There was a long list of issues on the table last weekend when President Donald Trump hosted Chinese leader Xi Jinping at his Florida resort. But trade was certainly high up on the list.
During his campaign for president, Trump was highly critical of China’s trade policies. He blamed losses of manufacturing jobs in the United States on a flood of imports of manufactured goods from China.
Those concerns have carried over into the early days of the Trump administration. Officials have mentioned several measures to reduce the flow of Chinese imports to protect American workers.
Those potential U.S. actions, and reactions from China, could have a major impact on U.S. agriculture. Shipments of soybeans, pork and other products to China have soared in the past decade, making China the single largest customer of U.S. farm goods.
RaboResearch economists Ping Chew, Chenjun Pan and Leif Chiang recently took an extensive look at what trade tensions could mean to U.S. farmers and others in agriculture.
Pressure on commodities
Trade friction, the economists said, could pressure U.S. commodity prices, while boosting prices in countries that compete in the global ag export market. That could prompt farmers in other countries to add acreage and make investments in infrastructure, which would adversely affect U.S. agriculture for years to come, they said.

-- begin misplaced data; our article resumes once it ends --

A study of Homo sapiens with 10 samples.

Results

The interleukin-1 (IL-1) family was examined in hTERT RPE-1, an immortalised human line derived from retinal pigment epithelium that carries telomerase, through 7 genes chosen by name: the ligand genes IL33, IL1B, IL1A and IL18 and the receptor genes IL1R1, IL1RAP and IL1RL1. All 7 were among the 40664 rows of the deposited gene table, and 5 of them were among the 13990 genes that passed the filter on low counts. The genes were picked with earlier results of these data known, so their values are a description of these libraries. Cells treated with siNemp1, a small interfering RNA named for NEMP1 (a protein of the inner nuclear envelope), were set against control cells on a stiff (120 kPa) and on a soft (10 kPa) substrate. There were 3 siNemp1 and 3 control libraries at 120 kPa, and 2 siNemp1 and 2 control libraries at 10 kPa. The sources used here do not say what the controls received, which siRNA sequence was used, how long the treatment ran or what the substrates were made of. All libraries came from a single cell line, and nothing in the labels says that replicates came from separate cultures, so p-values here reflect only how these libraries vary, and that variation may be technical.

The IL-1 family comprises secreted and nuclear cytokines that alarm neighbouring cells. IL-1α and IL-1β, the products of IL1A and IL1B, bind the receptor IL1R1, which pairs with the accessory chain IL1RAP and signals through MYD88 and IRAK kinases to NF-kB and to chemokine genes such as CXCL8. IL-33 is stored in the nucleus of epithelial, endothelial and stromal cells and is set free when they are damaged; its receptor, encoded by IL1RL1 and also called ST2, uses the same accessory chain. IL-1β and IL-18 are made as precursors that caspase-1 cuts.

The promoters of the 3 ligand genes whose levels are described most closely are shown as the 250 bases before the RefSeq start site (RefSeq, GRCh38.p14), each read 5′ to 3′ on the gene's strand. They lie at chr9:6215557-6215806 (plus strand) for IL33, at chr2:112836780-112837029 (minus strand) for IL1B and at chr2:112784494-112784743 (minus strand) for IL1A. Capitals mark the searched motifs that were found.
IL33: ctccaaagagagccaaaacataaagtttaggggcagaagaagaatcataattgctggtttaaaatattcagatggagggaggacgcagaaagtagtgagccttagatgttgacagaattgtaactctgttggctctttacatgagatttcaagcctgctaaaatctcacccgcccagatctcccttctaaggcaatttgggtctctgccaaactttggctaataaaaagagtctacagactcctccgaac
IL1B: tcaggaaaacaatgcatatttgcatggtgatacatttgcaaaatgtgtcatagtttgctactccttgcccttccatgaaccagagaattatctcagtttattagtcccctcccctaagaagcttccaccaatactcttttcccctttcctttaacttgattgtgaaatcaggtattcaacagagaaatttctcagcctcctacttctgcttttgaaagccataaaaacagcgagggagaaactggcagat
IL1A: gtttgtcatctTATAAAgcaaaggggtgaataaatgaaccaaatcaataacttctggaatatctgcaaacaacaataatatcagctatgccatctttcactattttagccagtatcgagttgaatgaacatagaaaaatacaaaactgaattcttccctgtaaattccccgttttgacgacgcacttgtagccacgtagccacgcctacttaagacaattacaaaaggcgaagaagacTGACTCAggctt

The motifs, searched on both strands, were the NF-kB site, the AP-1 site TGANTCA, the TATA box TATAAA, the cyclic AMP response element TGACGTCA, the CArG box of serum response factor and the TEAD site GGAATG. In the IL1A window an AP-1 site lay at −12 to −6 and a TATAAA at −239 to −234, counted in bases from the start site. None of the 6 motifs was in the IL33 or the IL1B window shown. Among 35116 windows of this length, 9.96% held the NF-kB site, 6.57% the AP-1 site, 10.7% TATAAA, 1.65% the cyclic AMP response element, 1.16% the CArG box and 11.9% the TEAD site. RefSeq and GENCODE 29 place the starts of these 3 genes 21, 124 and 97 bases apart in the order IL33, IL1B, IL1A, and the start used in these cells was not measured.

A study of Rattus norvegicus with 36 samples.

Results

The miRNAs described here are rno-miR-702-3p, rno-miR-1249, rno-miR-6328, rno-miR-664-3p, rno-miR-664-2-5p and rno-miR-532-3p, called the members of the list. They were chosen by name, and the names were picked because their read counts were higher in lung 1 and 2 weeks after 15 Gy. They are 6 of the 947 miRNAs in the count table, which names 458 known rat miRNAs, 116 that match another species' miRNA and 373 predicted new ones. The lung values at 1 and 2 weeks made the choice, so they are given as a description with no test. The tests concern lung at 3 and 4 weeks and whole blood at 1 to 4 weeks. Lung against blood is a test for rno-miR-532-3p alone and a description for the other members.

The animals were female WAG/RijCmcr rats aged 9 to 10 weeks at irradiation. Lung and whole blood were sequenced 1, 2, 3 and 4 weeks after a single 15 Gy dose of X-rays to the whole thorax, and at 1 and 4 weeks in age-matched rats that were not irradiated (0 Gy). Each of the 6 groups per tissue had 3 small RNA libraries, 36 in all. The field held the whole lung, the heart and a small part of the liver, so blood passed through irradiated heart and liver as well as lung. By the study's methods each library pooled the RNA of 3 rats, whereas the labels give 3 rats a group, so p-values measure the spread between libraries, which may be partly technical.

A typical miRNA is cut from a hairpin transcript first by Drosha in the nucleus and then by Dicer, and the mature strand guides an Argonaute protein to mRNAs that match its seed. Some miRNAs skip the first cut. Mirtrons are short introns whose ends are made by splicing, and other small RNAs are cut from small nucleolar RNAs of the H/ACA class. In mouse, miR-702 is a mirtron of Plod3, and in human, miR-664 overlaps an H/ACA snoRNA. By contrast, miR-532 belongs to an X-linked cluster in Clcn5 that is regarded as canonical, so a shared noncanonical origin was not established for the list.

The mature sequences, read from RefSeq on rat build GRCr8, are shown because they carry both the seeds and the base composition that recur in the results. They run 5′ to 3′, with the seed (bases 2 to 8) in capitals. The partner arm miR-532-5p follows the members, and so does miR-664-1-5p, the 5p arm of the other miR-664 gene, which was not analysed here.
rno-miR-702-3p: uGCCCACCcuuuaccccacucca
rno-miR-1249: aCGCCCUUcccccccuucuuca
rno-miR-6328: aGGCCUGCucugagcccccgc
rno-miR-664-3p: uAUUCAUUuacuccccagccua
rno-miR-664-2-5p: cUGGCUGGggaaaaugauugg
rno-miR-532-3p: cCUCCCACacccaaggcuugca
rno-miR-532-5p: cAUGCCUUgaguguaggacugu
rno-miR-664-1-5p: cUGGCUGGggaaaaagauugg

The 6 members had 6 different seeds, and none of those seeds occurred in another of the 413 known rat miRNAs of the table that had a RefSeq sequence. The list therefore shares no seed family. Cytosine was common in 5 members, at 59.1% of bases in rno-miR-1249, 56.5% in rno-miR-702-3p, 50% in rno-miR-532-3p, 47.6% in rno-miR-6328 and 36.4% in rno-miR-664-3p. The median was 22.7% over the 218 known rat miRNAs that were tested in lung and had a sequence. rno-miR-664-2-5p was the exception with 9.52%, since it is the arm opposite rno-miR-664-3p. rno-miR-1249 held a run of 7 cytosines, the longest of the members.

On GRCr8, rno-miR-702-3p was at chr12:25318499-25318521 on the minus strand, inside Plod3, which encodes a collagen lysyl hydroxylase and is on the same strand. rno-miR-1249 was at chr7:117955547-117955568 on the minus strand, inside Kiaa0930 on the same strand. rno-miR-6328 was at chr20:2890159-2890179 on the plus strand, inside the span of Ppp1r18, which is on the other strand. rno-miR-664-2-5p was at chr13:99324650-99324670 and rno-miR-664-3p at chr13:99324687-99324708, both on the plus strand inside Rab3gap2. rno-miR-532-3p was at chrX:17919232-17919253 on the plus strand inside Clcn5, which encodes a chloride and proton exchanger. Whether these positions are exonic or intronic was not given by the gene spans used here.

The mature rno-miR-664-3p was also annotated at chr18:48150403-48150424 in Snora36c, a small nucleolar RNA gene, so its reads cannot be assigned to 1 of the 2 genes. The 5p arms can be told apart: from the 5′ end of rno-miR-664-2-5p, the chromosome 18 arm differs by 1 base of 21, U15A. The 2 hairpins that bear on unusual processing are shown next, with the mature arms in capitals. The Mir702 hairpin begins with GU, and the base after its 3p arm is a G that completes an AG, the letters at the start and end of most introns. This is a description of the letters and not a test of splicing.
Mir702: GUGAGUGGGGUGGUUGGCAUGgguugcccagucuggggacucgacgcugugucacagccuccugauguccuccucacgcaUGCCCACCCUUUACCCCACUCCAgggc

The RaboResearch economists took a deep dive into the potential impacts of trade tension on the markets for soybeans and pork. Those products are two of the largest Chinese agricultural imports and are key products for Iowa farmers.
If the United States does take action to raise import duties on Chinese imports, there is only a limited possibility that China would retaliate by making sharp cutbacks in purchases of U.S. soybeans, the economists said.
That’s because China needs a lot of soybeans and can’t get all of what it needs from Brazil and other Latin American countries.
However, they said, added Chinese demand could, over time, cause Latin American farmers to expand soybean plantings and build up infrastructure, hurting U.S. farmers.
In addition, China may increase its imports of other oilseeds, such as rapeseed and sunflower, to reduce its overall demand for soybeans.
In pork, China would have an easier time replacing U.S. pork in the event of trade friction, the RaboResearch economists said. Both the European Union and Brazil could fill the gap and have room to expand production, which would cause U.S. pork farmers to feel the economic pain, they said.